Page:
EPA Rule Opens Loophole For Toxic Air Emitters
Rule allows toxic air facilities to ignore own contingency plans
Jane Williams, California Communities Against Toxics (661) 273-3098
Kelly Haragan, Environmental Integrity Project (202) 263-4449
Marti Sinclair, Sierra Club (513) 761-6140 x28
An Environmental Protection Agency rule allows polluters to avoid compliance with toxic air pollution limits at the worst possible time: when control or process equipment has been shut down and toxic emissions are skyrocketing. Earthjustice, Environmental Integrity Project and Sierra Club submitted formal objections today, slamming the rule as illegal and irresponsible.
“The Bush Administration has once again shown its disregard for public safety and its lack of concern about the poor and disenfranchised,” said Jane Williams, a national leader and air toxics expert for the Sierra Club.
It is well known that industrial facilities’ worst toxic emissions often occur when their equipment malfunctions or when they are starting up and shutting down the plant. During these periods, toxic pollution can exceed normal emissions by orders of magnitude. For example, one facility in Texas released over 91 thousand pounds of benzene and 83 thousand pounds of butadiene, both carcinogens, during these periods in 2003 alone. Instead of controlling these toxic emissions and protecting public health, EPA has proposed a rule that would enlarge the loophole for these emissions. “The Administration’s response to this problem is to give polluters a free license to pollute at these times, and then help these same polluters hide their paper trail from the public,” Williams said.
“Until now, plants had to at least have a plan for minimizing toxic emissions during malfunctions, startups and shutdowns and they had to follow that plan,” said Kelly Haragan, counsel for Environmental Integrity Project. “EPA now says they don’t even have to follow their own plan. It’s a get-out-of-jail-free-card for the most dangerous and irresponsible polluters.”
To make matters even worse, EPA’s rule would prevent a plant’s neighbors from even learning what plan a toxic air emitter has in place to limit huge increases in dangerous toxic chemicals. “EPA is saying that people have no right to know about the toxic emissions that are coming right into their back yards, schools and churches,” said Sierra Club Air Toxics Chairperson Marti Sinclair.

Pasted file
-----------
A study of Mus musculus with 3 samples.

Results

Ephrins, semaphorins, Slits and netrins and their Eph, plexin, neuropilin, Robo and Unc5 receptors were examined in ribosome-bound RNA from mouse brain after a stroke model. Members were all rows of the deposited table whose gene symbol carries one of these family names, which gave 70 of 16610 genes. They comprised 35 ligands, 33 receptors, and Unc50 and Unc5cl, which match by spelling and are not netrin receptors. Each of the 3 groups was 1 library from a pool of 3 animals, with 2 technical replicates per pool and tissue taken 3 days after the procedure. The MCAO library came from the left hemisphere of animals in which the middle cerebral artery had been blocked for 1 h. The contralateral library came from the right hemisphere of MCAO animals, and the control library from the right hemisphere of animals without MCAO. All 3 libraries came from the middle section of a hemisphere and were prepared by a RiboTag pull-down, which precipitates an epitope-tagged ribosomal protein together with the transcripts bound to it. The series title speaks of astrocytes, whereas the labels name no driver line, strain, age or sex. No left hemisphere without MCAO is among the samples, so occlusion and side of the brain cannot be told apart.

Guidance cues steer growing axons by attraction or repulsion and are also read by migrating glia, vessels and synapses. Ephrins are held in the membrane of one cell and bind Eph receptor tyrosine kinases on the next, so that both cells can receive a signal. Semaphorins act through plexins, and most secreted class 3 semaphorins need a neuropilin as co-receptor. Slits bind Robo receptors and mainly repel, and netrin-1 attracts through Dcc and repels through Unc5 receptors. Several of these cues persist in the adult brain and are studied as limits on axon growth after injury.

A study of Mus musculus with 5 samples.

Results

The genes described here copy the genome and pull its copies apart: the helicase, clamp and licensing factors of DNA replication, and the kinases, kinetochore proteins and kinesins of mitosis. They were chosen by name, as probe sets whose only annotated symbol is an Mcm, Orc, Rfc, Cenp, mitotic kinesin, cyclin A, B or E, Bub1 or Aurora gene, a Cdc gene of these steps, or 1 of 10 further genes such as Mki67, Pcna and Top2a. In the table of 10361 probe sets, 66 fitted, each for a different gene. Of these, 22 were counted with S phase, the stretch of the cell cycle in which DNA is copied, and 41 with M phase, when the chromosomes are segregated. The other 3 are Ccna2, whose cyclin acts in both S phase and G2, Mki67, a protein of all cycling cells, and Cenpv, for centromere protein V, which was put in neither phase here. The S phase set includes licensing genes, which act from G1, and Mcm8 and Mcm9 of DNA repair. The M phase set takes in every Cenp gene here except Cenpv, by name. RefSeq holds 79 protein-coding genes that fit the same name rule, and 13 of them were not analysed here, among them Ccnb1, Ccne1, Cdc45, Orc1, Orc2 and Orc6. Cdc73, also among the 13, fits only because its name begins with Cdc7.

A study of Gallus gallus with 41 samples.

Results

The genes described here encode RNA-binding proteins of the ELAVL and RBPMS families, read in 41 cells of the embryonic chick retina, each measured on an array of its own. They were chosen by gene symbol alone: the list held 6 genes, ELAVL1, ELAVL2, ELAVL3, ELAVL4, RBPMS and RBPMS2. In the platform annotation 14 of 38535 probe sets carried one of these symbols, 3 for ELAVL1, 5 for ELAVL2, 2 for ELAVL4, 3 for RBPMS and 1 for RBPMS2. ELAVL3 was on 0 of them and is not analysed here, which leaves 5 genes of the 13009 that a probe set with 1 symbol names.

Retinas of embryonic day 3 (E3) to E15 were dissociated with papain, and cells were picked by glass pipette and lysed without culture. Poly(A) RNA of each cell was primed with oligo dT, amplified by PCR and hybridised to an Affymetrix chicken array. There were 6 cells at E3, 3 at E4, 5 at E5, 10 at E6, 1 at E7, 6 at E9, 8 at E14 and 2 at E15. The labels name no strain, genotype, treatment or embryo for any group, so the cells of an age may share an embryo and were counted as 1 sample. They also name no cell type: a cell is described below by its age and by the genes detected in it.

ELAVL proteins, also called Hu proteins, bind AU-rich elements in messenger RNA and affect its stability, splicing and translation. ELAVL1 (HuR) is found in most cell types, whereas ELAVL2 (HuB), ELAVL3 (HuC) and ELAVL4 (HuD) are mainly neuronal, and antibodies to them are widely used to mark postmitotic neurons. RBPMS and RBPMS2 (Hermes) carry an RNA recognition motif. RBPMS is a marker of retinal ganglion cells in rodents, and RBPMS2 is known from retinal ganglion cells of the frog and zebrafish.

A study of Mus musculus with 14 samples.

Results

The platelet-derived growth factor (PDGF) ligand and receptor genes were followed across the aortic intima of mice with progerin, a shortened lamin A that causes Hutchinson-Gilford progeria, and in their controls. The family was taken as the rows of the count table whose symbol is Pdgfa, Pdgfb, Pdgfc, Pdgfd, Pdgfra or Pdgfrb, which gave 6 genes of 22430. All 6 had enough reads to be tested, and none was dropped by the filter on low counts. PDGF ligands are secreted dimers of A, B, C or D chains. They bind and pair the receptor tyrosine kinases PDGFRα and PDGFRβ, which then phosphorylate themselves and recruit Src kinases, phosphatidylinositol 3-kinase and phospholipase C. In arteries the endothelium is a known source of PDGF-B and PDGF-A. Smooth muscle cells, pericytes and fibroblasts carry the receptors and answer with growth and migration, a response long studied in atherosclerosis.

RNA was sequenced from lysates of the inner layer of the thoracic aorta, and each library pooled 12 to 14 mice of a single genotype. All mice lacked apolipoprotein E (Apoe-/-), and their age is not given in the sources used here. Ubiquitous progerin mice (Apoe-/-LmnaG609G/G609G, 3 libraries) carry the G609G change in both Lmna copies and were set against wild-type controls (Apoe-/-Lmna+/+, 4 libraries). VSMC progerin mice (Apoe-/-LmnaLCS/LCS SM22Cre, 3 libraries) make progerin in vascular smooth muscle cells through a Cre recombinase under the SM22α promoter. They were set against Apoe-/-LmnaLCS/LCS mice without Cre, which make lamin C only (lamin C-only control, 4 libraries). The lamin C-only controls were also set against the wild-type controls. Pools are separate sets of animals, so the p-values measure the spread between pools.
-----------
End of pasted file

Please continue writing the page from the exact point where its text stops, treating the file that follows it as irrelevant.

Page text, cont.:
While catastrophic malfunctions are always a concern, a facility can have even a minor problem with a filter or a smokestack scrubber that could easily increase emissions of toxic chemicals like benzene by as much as ten times allowed emission levels. Residents living near facilities that are subject to MACT standards (Maximum Achievable Control Technologies) are at highest risk. MACT standard facilities include power plants, refineries, chemical manufacturers, and a potpourri of other highly toxic facilities, both large and small.
“Communities made up of people of color and poor people are especially hurt by the Bush Administration’s rule,” pointed out Williams. “The Administration knows perfectly well that these are the communities that are predominantly located near the worst toxic sources. It chose to ignore a standing executive order and not even look into this further injustice.”
“EPA has just opened up a huge loophole in the standards that control toxic emissions from chemical plants, refineries, and virtually every other toxic emitter you could think of,” said Sinclair.
“What the Clean Air Act says is that toxic polluters have to comply with toxic emission standards at all times,” said Haragan. “What EPA is saying is that they have to comply, except during startups, shutdowns and malfunctions, during which time there’s no limit to how much toxic pollution communities will be exposed to. A kid’s body doesn’t care whether the benzene he breathes is from regular industry operations or a startup, it can still cause cancer.”
Citizens living near these facilities have a right to know that they are going to be protected should a malfunction occur. “The more the public is able to see these SSM plans and understand what is being done to protect their health, the more likely these facilities are to comply with these plans and reduce toxic air emissions,” Williams said.